Spent an interesting afternoon at the local Bira circuit with the friendly folk from Yokohama. They were presenting the latest tyre technology with their Yokohama Advan dB tyres.
Now dB stands for decibel, the unit of sound pressure levels, and the slogan for these latest tyres was “The Power of Silence”, so taking them to a racing circuit was certainly a brave move for Yokohama.
Wet braking test
The afternoon was split into four sections, with the first being a demonstration of rolling resistance, whereby a Lexus IS 250 on the new Yokohama Advan dB rolled further than it did when fitted with other tyres, all other factors being equal, such as tyre pressures. With less rolling resistance, the ordinary driver could expect to go further on a tank full, than otherwise.
The next section explored Noise Vibration Harmonics (NVH) and cornering grip. This time we had identical Toyota Camry’s, with one on the new tyre and the other on the old tyre. Quite frankly, when driving over rumble strips placed on the track, I found no difference between the two. Both went thump-thump-thump. However, there were a couple of slalom courses marked out with witches hats and the new tyre was certainly superior, requiring less steering input to whistle down the slaloms. That section definitely went to the new Advan dB.
I also went trackside to listen to the Camry’s being put through the slalom, and there was no squeal at all. You could hear the tyres gripping, but not protesting.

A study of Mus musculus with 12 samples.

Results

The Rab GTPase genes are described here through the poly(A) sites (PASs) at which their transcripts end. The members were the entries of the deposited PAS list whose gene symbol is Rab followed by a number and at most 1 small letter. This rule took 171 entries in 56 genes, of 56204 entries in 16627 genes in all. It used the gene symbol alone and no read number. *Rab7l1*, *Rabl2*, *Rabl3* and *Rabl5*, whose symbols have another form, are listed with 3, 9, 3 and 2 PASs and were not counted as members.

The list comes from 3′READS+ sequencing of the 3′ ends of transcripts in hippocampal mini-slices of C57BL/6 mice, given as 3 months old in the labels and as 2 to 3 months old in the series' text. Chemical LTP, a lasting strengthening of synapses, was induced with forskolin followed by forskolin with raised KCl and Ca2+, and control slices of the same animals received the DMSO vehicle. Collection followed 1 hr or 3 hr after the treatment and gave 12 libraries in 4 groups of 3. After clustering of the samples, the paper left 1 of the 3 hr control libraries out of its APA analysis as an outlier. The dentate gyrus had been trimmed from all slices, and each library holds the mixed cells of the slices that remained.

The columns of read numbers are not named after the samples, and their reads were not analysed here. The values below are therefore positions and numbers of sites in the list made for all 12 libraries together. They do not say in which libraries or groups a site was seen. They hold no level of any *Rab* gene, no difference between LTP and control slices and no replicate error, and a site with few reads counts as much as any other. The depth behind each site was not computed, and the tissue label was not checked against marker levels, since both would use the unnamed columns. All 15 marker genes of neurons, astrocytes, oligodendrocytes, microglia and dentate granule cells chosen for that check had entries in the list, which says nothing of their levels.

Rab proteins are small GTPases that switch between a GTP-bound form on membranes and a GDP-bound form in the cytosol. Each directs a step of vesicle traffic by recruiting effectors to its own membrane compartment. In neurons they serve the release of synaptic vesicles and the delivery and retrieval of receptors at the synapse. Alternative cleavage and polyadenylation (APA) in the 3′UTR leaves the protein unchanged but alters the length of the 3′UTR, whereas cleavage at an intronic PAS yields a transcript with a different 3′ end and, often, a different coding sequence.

The third section was a direct comparison between two identical Camry’s braking on wet bitumen, with a part of the straight continuously watered. One car on the old rubber and the second car on the new. The wet braking area was entered at 80 kph and when at the marker, the brakes were fully applied. The Camry’s both had ABS, which worked well both times, but the car with the new compound braked consistently in 15 percent shorter distance. That could mean the difference between a close shave and an expensive insurance claim. This was the most impressive result for me, as it was easy to show the reduced braking distance.
Asymmetric tread pattern
The final part of the afternoon was a ‘leisurely’ trip from the Bira Circuit to the Silverlake Vineyard and return, escorted and led by the flashing lights and sirens of the Tourist Police. Now I know what it is like to drive in a royal cavalcade.
For me, this did not really demonstrate anything about the new tyres, but rather it showed what a quiet and comfortable vehicle is the new Camry. Unfortunately the two liter engine certainly does not make this model Camry a sports saloon. I’m afraid I would have to say the small engined Camry was rather dull.
But back to the tyres. The already quiet dB pattern tread has been improved by moving to an asymmetrical pattern especially for the Advan dB. With tread blocks very close to each other, this minimizes tread movement, which can be the reason for noisy tyres. It was also interesting to note there were no large side sipes to clear water, and the tyre also featured round shoulders, meaning the sidewalls could do some work, adding to good response to steering input. The longitudinal grooves were quite deep and designed the allow the tyre to slice through the water and not aquaplane. The braking results showed that this concept really did work. Design technology fostered during many years of developing high-performance Advan tyres has been fully utilized to provide the running safety, control and comfortable ride required for high-performance and prestige automobiles. Advan are the tyres used in the World Touring Car championships, for example.
I know that tyre performance can often be very subjective, but there were a couple of very objective tests which showed a superiority of the new Yokohama Advan dB. You will go further on a tank full and under brakes will pull up earlier, hopefully avoiding a nose to tail.
My thanks go to Yokohama’s managing director, Yasushi Iida for the opportunity to evaluate his latest tyre, which, by the way, is a Japanese import, the local Yokohama works in Rayong being for light truck tyres only.